Without shows, artisans embrace ‘the virtual side of things’

Emilee Geist

Katheryn Krouse paints in her home studio. Courtesy photo Autumn doesn’t seem quite the same without the normal rush of festivals and craft fairs, and no one feels that more than the craftspeople who sell their wares at these places. Pandemic cancellations have forced these to creative people to get, […]


Autumn doesn’t seem quite the same without the normal rush of festivals and craft fairs, and no one feels that more than the craftspeople who sell their wares at these places. Pandemic cancellations have forced these to creative people to get, well, a little more creative.

For many, craft fairs are sideline, a supplemental income.

Melanie Harvey spends her days teaching chemistry at Johnson County Community College, but for the past six years, fall weekends have been a time for selling her many ceramic creations at festivals.

“This year, every single one of them was canceled. The whole calendar year, I haven’t had a single event,” she said. “It makes me feel really bad for people whose whole livelihood is dependent on this sort of thing. I can’t imagine how they’re making up the difference.”

Harvey said she uses the money she makes to pay for activities for her kids.

Raymore resident Stacie Sampson usually has a booth selling jewelry and religious items at the local Greek festivals, as well as a few other fairs.

“When you’re in a situation where you do events, we’re like a little village. You know the other vendors. … I’m kind of in a lucky spot because I can afford not to sell, but I see so many of my friends that are really hurting because that’s their source of income,” she said.

Bryan Lloyd Rosell, who sells his homemade hot sauce at festivals, said he’s also been trying to boost sales through online means, but the volume isn’t nearly as much as he’d see in a normal year.

“I’ll do 10 deliveries on a Saturday, and that can be a couple bottles each, but that’s only 20 as opposed (the) 50 to 80” that would sell in one day at a festival or holiday market, he said.

Cynthia Schmidt would normally be selling her ceramics at the Lenexa Art Fair and 10 to 12 other festivals over the course of the year. The profits from those typically make up half of her annual income.

“This year has been detrimental to that,” said Schmidt, who hasn’t been able to sell anything this year.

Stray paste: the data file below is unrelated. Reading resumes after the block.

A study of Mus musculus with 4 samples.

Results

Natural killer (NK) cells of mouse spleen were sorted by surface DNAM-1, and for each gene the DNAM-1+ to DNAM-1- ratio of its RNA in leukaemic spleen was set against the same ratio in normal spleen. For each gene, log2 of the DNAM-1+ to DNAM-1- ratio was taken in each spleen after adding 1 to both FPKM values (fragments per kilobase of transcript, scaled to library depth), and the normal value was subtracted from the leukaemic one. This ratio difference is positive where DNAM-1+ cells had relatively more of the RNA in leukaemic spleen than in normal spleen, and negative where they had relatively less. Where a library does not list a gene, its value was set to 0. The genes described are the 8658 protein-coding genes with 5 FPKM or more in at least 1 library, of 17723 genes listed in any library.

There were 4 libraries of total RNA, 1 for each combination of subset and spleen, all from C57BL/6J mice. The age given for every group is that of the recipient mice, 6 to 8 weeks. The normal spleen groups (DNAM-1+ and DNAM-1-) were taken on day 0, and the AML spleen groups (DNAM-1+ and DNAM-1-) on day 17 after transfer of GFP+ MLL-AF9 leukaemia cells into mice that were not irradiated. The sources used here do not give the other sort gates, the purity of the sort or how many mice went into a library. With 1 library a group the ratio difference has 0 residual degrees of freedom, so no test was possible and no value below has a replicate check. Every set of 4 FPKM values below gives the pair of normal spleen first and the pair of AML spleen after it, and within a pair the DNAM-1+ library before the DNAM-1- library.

Kansas City-based painter Katheryn Krouse, who grew up in Overland Park, is a full-time artist. Her income comes mostly from the sales she makes in person in the spring, summer and fall.

“It’s been an adjustment. For most of us artists, we’re really resourceful. We have to be to do this job,” she said.

“This year, I think it means really embracing the virtual side of things. When my shows started to get canceled, I had an enormous inventory of artwork, (and I thought) if I’m not going to be selling these in person at art shows, it’s time to get really good at selling online.”

Krouse said she’s been neglecting her website for years in favor of selling in person, but during the lockdown, she completely redesigned it as a place to sell art. She’s also been enhancing her social media presences by making time-lapse videos of herself painting to try and make a more personal connection with buyers.

“Selling online still isn’t the same.”

Festivals draw a lot of people coming together to have a good time, but “not necessarily coming out to buy art until they see a piece they love,” Krouse said. “That’s the difference between selling online and building a connection organically by seeing it in person.”

It’s not only the connection of seeing a piece in person but having seen a vendor or artist year after that makes a difference.

“With art fairs, every year you do one, you sell more the next year. People see your stuff, and even if they don’t buy something, they’ll think about it and say, ‘I wish I had.’ There’s definitely momentum, and we haven’t had that this year,” Harvey said.

Krouse said she’s been able to make up a lot of the difference from not having festival sales through her new online sales, but she isn’t alone in not having had a big online presence before the pandemic.

Some have pages on Etsy, and some have a website. Others have just a Facebook page or no online presence at all.

“I think my social media presences and my social media wisdom has grown. It’s forced me to grow my social media presence and think about branding and constant posting,” Lloyd Rosell said.

Leawood resident Denise Rueschhoff, who does embroidery and makes decorative items, said she’s thinking about inviting the people on her email list to a holiday sale at her home later this year.

“I’ve contemplated setting up a website,” Rueschhoff said. “I don’t do Etsy, because I don’t really want to pay the fees.”

Schmidt also doesn’t have a website.

“Shipping ceramics is not my favorite thing to do … but I’m feeling I may be forced into doing that,” she said. “The whole tactile thing is important, and you can’t really get that from online.”

Without festivals, the lack of hard deadlines can stifle creativity or increase an artist’s sense of freedom, depending on the person.

“I haven’t been designing as much because I don’t have the shows to share it,” said Lisa Coyan, a Lenexa-based engineer who also makes jewelry. “The way it’s affected me is I haven’t been able to play and have fun with the design like I usually do.”

For Krouse, the disappearance of deadlines has had the opposite effect.

“It’s brought us back to the level we can enjoy our process. I just have a clean studio and all these materials and I get to play,” she said.

“I think we’re going to see a lot of really amazing art come out of this time. A lot of beautiful art can come out of that, from spare time and inspiration.”